Far from being bland hagiographies, most films about rock musicians prove to be gripping, warts-and-all documentaries.
Ego trumps caution when the documentary cameras rock 'n' roll
Offering a glimpse into the dying days of the world's biggest band, the Beatles' last film, Let It Be, didn't just capture great live performances, but also colliding egos. It remains the definitive rock documentary.
More than 40 years later and two of today's biggest touring bands, the Kings of Leon and the Foo Fighters, are the subjects of their own rock 'n' roll exposés, respectively Talihina Sky and Back and Forth. Both show bands in turmoil and their members racked with self-doubt - it seems the Fab Four's celluloid swan song still looms large over the modern rock doc.
Making its debut at New York's Tribeca Film Festival later this month, Talihina Sky: The Story of Kings of Leon looks at how the three Followill brothers and their cousin Nathan left a life of near-poverty in Tennessee and became a multimillion-selling band, headlining arenas around the globe. Its trailer includes footage of the group playing giant shows, firing handguns and partying as only rock stars can, before cutting to images of the dilapidated house in which the brothers grew up and home video footage of them as children. The film also includes an interview with the father of the brothers, a preacher who questions the wisdom of their hedonistic ways.
The Foo Fighters documentary, Back and Forth, which had its premiere at South by Southwest in Austin, Texas, last month, is both a career retrospective and an attempt to document the recording of the band's latest album, Wasting Light, in the garage of the singer Dave Grohl. The trailer opens with an interview in which Grohl claims: "There were some people who really resented me for starting this band," and "I didn't want to just always be known as this guy who played drums with Nirvana." Meanwhile, his bandmate Taylor Hawkins casts doubt on the group's future, stating: "Well, if the Foo Fighters are over then the Foo Fighters are over, and I'm OK with that."
While infighting and the crushing weight of others' expectations are the most common features of rock documentaries, they are by no means the only source of drama in the genre. Often heralded as the greatest music documentary ever made, the Rolling Stones' 1970 film Gimme Shelter was the story of a band plagued by dangerous forces and details the group's infamous 1969 appearance at the Altamont Free Concert in northern California, where members of the Hells Angels motorcycle gang were hired as security staff.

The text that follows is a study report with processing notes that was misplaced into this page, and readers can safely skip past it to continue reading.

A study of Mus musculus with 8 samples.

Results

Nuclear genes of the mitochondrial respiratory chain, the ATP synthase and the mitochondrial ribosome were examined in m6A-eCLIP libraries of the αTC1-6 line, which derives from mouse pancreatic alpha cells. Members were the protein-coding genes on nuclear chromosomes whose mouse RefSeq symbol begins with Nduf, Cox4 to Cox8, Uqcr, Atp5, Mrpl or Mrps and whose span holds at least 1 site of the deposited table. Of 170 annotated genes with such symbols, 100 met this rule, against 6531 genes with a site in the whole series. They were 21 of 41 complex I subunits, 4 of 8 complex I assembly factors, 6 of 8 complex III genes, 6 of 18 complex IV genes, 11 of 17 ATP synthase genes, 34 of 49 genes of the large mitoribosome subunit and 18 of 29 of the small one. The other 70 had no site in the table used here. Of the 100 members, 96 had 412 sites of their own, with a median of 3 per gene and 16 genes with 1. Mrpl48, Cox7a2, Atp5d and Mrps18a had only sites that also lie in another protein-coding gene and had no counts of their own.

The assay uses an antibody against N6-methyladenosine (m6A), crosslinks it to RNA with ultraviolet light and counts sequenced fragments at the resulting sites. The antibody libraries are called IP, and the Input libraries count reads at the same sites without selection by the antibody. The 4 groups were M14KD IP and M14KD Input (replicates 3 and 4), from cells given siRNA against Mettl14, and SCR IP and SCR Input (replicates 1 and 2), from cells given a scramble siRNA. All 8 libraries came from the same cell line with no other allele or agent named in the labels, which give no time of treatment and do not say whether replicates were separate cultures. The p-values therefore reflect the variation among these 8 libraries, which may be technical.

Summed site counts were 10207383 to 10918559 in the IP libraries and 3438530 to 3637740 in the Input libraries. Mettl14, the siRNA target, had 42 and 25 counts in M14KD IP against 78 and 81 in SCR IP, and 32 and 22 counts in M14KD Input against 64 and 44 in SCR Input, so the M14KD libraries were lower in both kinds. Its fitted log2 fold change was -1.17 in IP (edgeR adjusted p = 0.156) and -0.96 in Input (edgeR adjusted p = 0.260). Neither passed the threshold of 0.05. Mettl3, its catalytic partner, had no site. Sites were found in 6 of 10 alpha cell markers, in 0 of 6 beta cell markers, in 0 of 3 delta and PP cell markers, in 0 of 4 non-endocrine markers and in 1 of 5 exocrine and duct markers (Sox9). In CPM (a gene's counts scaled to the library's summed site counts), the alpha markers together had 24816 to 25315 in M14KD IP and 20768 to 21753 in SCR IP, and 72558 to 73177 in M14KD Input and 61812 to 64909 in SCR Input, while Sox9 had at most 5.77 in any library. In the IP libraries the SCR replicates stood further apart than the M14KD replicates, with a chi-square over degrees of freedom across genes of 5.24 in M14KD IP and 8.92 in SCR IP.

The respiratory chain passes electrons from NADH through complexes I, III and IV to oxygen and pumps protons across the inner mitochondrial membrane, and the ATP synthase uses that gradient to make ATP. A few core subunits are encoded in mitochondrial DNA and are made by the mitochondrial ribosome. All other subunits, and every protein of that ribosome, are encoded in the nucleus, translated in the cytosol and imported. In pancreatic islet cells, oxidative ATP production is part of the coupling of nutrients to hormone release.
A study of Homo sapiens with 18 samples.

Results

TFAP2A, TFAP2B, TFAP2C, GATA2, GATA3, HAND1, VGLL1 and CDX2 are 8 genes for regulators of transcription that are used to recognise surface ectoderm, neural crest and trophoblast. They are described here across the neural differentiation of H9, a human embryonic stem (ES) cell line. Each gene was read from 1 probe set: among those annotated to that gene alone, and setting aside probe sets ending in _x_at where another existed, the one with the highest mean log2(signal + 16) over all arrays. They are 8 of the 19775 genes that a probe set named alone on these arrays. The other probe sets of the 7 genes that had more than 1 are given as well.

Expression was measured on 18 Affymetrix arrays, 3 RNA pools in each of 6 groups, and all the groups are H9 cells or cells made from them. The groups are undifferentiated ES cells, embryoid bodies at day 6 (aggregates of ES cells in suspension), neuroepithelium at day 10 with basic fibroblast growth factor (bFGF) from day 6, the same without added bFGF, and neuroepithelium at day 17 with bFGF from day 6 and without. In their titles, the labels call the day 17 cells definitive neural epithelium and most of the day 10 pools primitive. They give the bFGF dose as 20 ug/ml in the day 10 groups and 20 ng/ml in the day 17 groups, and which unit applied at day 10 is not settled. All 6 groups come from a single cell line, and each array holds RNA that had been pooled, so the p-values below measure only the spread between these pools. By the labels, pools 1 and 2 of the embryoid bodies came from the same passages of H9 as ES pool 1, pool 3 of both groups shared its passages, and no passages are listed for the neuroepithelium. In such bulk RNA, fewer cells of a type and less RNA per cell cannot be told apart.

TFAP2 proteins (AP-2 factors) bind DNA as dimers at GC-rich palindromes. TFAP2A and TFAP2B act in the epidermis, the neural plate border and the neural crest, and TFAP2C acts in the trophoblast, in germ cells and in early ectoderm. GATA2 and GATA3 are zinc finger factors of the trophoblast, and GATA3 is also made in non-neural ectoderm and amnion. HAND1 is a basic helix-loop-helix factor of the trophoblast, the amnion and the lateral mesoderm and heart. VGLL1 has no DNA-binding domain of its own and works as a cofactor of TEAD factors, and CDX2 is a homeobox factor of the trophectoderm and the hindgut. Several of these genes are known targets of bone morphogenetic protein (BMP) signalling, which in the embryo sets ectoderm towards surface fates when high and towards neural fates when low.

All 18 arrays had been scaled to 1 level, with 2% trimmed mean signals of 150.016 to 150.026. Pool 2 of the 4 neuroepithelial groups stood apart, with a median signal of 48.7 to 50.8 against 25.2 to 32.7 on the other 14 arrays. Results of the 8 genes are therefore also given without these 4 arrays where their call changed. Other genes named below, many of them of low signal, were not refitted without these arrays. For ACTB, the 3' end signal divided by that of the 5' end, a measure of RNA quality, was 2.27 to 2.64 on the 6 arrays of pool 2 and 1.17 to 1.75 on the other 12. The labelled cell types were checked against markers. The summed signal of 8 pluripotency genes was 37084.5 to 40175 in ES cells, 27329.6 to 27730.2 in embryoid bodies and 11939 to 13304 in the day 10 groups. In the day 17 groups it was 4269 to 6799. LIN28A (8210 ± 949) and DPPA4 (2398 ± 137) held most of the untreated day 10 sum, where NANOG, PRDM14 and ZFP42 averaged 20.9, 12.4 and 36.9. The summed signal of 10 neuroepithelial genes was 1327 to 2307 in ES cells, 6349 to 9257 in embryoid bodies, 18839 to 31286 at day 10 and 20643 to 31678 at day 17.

After spending all day drinking and arguing with fans, many of the gang (armed with pool cues) became so violent that a number of the scheduled support acts refused to play. Things came to a head during the Stones' performance of Under My Thumb, when an 18-year-old fan called Meredith Hunter was stabbed twice by one of the Hells Angels. Despite fleeing the scene, he was later found beaten to death.
The 2004 documentary Dig! does feature musicians butting heads, but rather than focusing on the petty jealousy of band mates, it depicts the bitter rivalry between two emerging groups. Despite both being members of the mid-1990s San Francisco scene and sharing a love of psychedelic pop, the Dandy Warhols and the Brian Jonestown Massacre could not have been more different. The Dandys were well adjusted, professional and (most important) selling records. The BJM, led by the volatile "genius" Anton Newcombe, were the opposite. As the Dandys' career began to take off and the BJM's potential continued to be unrealised, Newcombe's descent into bitterness, jealousy, addiction and onstage violence becomes the film's tragic core.
When it comes to gut-wrenching candour, few musical exposés live up to Metallica's 2004 film, Some Kind of Monster. The no-holds-barred look at the biggest metal band in the world follows on from the departure of the group's bass player Jason Newsted and singer James Hetfield's stint in rehab. In a bid to keep the band together during the recording of the album St Anger, their management enlists the assistance of a "performance-enhancing coach" who urges them to understand one another better by confronting their issues. These include a "power struggle" between Hetfield and the drummer Lars Ulrich and even the perceived betrayal of the original guitarist Dave Mustaine 20 years earlier.
If these films and the hundreds of others that exist share one central thesis, it's that musicians can be permitted wealth and fame, but they are not allowed to be happy.